Meghan Agosta’s reputation preceded her before she ever arrived at Mercyhurst College, but the senior from Ruthven, Ontario, Canada, has officially done more than live up to the hype. She’s exceeded it.
With three goals and an assist in a 6-2 win against College Hockey America rival Wayne State (Mich.) on Feb. 4, Agosta became the all-time leading scorer in NCAA history, breaking the previous record of 285 points set by Julie Chu at Harvard from 2002 to 2007. A week later, at Syracuse, she tied the NCAA career goals record – which she currently shares with former Harvard star Nicole Corriero – when she lit the lamp for the 150th time in her four-year career in a 4-2 win over the Orange.
“Obviously, from a young age, she was a phenom,” said Lakers head coach Mike Sisti. “Everyone knew she had great skills. The one thing you never know is how kids are going to adjust to college. There’s so many obstacles along the way with the schoolwork, social things that can distract kids, and injuries, so you never know. Meghan had amazing potential, and we really felt that if she came here and worked hard every day and used her talents both academically and athletically, she could do amazing things.”
It would appear that Agosta – a two-time Olympic gold medalist with Canada – has the “amazing things” part well taken care of.
With the one game left in the Lakers’ regular season – Feb. 25 at home against Robert Morris – Agosta’s career totals currently stand at 150 goals and 144 assists for a total of 294 points, and her 77 points (31g, 46a) this season make her a front runner for the Patty Kazmaier Award as the top player in women’s college hockey. With Friday’s game against the Colonials, the CHA tournament and a likely trip to the NCAA Tournament remaining, Agosta stands an excellent chance of breaking 300 points for her career.
“She’s worked extremely hard,” Sisti said. “I think what’s great is that she’s found a major she loved and she’s doing outstanding and thriving, and certainly athletically, her résumé’s as long as anyone with all her accomplishments.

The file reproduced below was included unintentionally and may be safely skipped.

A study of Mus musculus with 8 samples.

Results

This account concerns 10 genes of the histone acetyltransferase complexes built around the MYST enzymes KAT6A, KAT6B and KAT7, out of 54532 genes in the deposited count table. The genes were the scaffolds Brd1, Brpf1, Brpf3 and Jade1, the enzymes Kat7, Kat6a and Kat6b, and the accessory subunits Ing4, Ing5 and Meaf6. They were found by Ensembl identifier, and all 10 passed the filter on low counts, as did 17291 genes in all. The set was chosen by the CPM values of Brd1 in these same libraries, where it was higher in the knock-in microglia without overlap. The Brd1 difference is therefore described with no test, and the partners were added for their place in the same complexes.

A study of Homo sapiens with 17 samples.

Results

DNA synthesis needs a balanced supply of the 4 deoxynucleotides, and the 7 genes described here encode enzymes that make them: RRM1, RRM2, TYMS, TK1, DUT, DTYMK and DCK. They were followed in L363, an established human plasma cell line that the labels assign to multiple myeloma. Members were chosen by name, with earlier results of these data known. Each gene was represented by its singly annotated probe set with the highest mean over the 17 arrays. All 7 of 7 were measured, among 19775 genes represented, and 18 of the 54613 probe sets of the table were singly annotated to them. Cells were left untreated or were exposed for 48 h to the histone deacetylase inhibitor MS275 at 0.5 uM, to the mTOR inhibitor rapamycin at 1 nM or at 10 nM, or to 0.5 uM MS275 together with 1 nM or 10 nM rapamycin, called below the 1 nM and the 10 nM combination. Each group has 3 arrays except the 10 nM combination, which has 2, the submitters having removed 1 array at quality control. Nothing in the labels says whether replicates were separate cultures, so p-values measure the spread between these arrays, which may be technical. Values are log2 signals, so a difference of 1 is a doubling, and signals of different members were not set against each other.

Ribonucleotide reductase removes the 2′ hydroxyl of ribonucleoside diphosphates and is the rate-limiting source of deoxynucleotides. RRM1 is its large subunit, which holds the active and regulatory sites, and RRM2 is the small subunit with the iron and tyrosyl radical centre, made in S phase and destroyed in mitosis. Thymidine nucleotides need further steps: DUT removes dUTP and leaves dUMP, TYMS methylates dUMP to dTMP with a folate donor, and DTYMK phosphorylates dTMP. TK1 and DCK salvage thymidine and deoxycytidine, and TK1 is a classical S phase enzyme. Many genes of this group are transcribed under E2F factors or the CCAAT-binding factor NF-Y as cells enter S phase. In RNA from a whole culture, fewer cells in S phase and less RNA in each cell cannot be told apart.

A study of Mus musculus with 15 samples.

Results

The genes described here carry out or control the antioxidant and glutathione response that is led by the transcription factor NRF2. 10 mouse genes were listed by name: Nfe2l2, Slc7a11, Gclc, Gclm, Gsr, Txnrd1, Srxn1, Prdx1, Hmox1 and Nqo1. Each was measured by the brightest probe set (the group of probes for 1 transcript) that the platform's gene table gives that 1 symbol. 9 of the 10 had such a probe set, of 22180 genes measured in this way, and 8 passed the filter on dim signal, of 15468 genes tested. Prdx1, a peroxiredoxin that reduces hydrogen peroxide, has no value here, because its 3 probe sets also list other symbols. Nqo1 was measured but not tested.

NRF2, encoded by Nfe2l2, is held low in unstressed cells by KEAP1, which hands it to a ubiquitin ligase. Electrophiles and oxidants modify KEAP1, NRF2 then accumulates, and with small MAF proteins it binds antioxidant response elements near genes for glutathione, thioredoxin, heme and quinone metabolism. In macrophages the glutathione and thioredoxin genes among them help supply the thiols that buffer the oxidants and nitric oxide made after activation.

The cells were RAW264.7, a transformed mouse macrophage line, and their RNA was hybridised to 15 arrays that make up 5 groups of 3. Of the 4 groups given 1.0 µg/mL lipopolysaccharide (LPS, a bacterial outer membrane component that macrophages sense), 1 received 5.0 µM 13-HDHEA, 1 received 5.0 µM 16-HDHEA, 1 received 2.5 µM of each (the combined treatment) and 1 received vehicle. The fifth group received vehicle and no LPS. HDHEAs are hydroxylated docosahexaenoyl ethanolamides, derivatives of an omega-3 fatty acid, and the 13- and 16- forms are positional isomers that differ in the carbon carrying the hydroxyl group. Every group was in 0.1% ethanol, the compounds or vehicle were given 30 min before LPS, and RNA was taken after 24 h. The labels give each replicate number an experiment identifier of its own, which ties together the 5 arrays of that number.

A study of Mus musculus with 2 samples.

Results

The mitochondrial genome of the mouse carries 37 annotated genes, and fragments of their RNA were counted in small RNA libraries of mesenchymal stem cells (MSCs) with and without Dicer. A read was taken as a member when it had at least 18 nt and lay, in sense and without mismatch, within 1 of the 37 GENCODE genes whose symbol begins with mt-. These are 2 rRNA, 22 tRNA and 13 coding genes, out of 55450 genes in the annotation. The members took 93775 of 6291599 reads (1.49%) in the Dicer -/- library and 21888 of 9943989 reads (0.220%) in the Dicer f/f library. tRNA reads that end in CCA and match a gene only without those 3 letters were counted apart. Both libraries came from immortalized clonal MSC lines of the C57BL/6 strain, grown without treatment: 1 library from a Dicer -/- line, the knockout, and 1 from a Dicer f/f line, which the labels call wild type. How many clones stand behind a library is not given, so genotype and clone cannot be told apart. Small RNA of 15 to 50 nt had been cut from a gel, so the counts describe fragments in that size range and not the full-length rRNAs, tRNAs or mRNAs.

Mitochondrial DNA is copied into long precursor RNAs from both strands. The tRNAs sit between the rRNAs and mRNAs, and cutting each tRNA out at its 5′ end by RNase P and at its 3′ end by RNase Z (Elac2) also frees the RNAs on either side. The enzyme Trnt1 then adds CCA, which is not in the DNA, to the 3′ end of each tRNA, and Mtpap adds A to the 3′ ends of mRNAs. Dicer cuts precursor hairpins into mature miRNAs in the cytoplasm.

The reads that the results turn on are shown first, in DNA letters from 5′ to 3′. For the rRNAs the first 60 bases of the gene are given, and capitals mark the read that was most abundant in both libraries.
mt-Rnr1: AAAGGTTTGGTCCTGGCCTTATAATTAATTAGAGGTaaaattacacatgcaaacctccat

“The neat thing is just to see all the improvements in her game, from conditioning to how strong she’s gotten and how much better she understands the game and how she’s developed as a leader. It’s certainly been a work in progress, but she’s been dedicated to getting better every day, and it’s just been enjoyable watching her move forward.”
For her part, Agosta is focused on team accomplishments — specifically, the NCAA Championship that has eluded the Lakers for years, even as they’ve built up a reputation as one of the top programs in women’s hockey.
“It’s definitely a great honor,” Agosta said of her individual accolades, “but I don’t really think about breaking records. My No. 1 priority is to be a great leader, bring experience to the team and bring this team to that next level. And that’s winning an NCAA championship.”
Since Agosta arrived at Mercyhurst, located in Erie, Pa., the Lakers have lost twice to Minnesota Duluth in NCAA regionals – twice by a single goal, once in overtime – and reached the 2009 NCAA title game, only to be shut out by Wisconsin.
“We’re very proud of everything we’ve accomplished,” Sisti said. “One thing we try to do every year is have the best season our team can possibly have. Obviously, you always want to win championships and win it all, but especially in our early years, we’ve done an awful lot with our programs and our seasons. Minus a national championship, our track record and our success is as good as anyone out there.”
With this season’s NCAA Championship set to be played in Erie, Pa., at Tullio Arena, Agosta certainly senses the potential for a storybook ending to her historic career, even if she won’t allow herself to look past the more immediate challenges.
“Everyone’s been working so hard to make this Frozen Four the best Frozen Four ever,” Agosta said, “and there’s no doubt in my mind that it will be the best. We just need to worry about winning each day.
“Of course, we want to be there, and we are going to be there, but we’re going to worry about the game coming up, not worry about the future. Obviously, it’d be amazing to win on home soil, but I can’t look too far ahead. We need to get there first, and in order to get there, we need to be in the now.”
When it’s over, Agosta will graduate with her degree in criminal justice, which she’ll look to put to use in her home province of Ontario as an officer in a police K-9 unit. As much as she hopes to work with dogs to help keep the public safe, though, her dogged pursuit of victory on the ice is something that will take precedence for now.
“We did think the sky was the limit with what she could accomplish,” Sisti said, “and even though she’s done so much, she still has a way to go.”